How a Grand National winner prompted a debate about welfare of racehorses
Arguably, it was the catalyst for a movement that has gathered pace in the last few years with several organisations established to give retired thoroughbreds a happy life after racing.
Before these though, came what is now the British Thoroughbred Retraining Centre (BTRC).
It was established in 1991 to care for the welfare of thoroughbred and retired race horses and became a registered charity in 1994.
However, the organisation might never have been, said Chief Executive Gillian Carlise, speaking at the CLA’s Women’s Networking event at the Great Yorkshire Show.
She said: “At that time the animal welfare landscape was completely different to what it is now.
"Our founder was Carrie Humble, I would not call her a feminist, I would call her a warrior, because that is what she needed to be. Too many women in welfare are labelled crazy old women and dismissed. Nobody would dismiss her, she was hard as nails and swore like a trooper.
“I don’t think our charity would have been established if she was a man, because 30 years ago horse-racing was 100 per cent old boys and it was a different world.”
Women have always been big players in animal welfare. The first female in welfare was the Queen of Sardinia in the 14th century. Battersea Dogs Home was founded by Mary Tealby in 1860 and Jessey Wade started the Cats Protection League in 1927.
However, Ms Carlisle said changes in animal welfare move at rapid speed due to social media and when there is a change in animal welfare, usually an incident triggers it.
Before the days of social media though, Humble took a phone call in 1994 about a horse called Hallo Dandy, the Grand National winner in 1984. After racing he had been given in good faith to new owners for hunting but found in a dreadful condition.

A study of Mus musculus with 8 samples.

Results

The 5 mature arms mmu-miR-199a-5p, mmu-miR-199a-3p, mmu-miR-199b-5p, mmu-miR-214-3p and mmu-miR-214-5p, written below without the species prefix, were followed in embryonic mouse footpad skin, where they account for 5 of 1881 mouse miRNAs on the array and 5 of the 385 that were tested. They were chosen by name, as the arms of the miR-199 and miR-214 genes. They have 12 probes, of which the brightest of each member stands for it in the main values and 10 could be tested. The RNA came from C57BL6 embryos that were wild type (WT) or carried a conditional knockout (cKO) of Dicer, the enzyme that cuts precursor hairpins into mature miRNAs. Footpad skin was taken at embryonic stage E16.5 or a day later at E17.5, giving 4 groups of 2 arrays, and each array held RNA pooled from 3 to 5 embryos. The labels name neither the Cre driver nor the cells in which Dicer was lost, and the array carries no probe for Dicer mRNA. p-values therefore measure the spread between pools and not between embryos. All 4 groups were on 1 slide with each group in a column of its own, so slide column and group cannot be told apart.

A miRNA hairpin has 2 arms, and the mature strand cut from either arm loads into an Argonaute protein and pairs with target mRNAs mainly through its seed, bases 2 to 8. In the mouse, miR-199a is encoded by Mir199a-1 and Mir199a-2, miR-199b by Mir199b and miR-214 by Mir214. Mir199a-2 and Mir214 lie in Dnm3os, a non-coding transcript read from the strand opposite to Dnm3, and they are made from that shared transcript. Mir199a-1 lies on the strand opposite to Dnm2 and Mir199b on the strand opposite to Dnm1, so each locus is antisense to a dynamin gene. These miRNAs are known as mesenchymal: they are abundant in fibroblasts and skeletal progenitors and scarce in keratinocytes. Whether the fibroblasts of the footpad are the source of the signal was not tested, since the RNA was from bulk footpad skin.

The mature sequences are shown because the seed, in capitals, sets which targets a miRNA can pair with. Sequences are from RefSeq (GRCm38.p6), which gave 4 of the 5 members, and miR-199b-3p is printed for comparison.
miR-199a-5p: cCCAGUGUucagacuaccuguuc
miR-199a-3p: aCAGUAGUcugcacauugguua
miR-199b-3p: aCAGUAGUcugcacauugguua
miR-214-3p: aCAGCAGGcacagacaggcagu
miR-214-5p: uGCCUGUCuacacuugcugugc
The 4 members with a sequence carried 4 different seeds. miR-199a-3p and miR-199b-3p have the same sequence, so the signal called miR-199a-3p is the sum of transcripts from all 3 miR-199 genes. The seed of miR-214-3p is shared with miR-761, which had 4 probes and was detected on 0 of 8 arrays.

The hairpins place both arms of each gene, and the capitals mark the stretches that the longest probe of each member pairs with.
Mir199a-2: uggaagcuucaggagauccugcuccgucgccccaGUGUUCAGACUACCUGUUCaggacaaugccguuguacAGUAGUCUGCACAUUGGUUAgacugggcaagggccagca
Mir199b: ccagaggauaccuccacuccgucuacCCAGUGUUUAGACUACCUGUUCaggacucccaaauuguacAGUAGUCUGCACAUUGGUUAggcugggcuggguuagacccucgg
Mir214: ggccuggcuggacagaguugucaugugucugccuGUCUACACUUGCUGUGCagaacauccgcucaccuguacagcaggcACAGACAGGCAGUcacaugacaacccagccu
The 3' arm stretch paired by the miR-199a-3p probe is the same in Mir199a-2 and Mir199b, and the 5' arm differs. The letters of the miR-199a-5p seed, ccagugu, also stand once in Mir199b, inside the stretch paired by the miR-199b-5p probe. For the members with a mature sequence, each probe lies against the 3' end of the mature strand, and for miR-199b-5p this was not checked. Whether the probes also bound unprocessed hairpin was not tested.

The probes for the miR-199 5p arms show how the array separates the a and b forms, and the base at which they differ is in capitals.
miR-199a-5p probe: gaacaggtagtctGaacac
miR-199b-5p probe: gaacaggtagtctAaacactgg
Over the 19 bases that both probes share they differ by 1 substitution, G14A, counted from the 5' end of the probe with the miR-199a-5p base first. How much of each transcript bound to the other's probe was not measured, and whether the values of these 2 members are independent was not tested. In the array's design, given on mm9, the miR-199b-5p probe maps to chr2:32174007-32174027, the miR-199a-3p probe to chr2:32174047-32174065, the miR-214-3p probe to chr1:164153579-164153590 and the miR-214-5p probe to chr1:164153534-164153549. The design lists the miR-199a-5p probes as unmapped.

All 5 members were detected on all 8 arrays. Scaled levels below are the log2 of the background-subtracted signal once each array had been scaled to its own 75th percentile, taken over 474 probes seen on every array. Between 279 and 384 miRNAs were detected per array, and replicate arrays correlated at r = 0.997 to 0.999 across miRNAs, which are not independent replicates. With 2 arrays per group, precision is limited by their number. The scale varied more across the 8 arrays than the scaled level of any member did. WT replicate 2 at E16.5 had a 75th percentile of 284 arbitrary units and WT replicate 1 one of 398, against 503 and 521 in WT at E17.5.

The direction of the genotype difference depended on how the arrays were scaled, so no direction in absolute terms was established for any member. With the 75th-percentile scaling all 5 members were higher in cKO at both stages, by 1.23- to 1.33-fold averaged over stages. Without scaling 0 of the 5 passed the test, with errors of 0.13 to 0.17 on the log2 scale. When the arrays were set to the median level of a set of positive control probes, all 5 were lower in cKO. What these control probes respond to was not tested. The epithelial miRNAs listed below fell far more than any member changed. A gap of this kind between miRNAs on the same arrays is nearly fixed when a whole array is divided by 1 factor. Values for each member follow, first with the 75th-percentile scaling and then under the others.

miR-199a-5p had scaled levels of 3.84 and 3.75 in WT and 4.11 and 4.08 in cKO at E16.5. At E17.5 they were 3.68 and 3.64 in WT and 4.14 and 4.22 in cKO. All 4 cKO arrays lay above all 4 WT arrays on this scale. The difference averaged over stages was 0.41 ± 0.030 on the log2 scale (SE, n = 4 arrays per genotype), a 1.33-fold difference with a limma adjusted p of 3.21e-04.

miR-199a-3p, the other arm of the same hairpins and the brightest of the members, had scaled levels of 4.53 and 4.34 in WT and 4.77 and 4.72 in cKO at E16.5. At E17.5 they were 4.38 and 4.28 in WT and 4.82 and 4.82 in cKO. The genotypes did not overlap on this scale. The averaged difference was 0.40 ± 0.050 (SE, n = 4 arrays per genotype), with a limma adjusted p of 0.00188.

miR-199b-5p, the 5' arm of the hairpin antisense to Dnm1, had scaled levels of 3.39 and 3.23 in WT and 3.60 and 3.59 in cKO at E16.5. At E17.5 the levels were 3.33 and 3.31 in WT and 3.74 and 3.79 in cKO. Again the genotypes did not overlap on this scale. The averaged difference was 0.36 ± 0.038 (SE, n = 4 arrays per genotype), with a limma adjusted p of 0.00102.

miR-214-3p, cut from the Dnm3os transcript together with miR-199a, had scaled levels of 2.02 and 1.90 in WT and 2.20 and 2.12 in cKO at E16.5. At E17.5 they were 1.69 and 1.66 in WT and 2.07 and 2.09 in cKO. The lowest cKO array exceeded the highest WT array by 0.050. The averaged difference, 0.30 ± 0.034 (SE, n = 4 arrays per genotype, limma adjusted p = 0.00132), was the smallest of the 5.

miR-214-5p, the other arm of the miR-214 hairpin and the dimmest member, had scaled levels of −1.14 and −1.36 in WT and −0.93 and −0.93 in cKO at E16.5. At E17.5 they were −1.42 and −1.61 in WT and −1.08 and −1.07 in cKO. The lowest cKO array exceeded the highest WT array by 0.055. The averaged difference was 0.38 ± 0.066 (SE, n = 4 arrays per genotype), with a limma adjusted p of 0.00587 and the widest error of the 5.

He was gifted to BTRC and became the flagship horse for the charity, living until he was 33, but Hello Dandy sparked a conversation that had not been had before.
Ms Carlisle said: “No-one really talked about that. They were just a by-product of the racing industry. Because of Hallo Dandy, the next big catalyst that affected our charity was a year later. A documentary was made called, ‘They Shoot Race Horses Don’t They’. It was pretty gruesome. The British public were not happy and started asking ‘what are you doing with your racehorses?’”
Other examples of the public getting behind animal welfare changes are in 2013 following the film, Black Fish, about a performing killer whale in captivity. It made people question the practice and in 2016, California began to ban entertainment with orcas.
In 2016 in New South Wales, an article and film about greyhound racing prompted public backlash and greyhound racing was banned in 2019.
The horse-racing world took note.
“For the people who love racing and work in racing, they thought ‘this is real’ and the threat of losing the sport is real and are we next? If the public is not behind it, and it has happened before, they can stop it.”
Current challenges in horse racing are over breeding, use of the whip, after-care and traceability. Should activists say 30,000 horses are slaughtered, while not true, it is hard to defend due to lack of definitive information on the numbers and whereabout of retired racehorses.
However, the Horse Welfare Board is currently asking anybody with a retired racehorse to complete a census with the aim of improving traceability.
At one time, 15,000 horses are registered to race and a third retires each year. For every three horses bred to go racing, only one might become active so two thirds potentially don’t compete. If in future they fall on hard times and become vulnerable they would not qualify to be supported by the industry’s vulnerable horse programme.
Similarly, if a horse is fit and ready, in the box to the race-track but has an accident travelling, gets a career ending injury and can’t compete, it also isn’t supported as it never technically raced.
BTRC believes it is not the animal’s fault and is working to change criteria so any Thoroughbred in need can access the programme. It is proud that for over 30 years they have used their charitable funds to offer a safety-net for any vulnerable Thoroughbred regardless of history and racing careers.
Ms Carlisle added: “What we try to focus on is the future. Where are we going to be ten years from now? We will have to work out where we sit and where are comfort zone and boundaries are in regards animal welfare.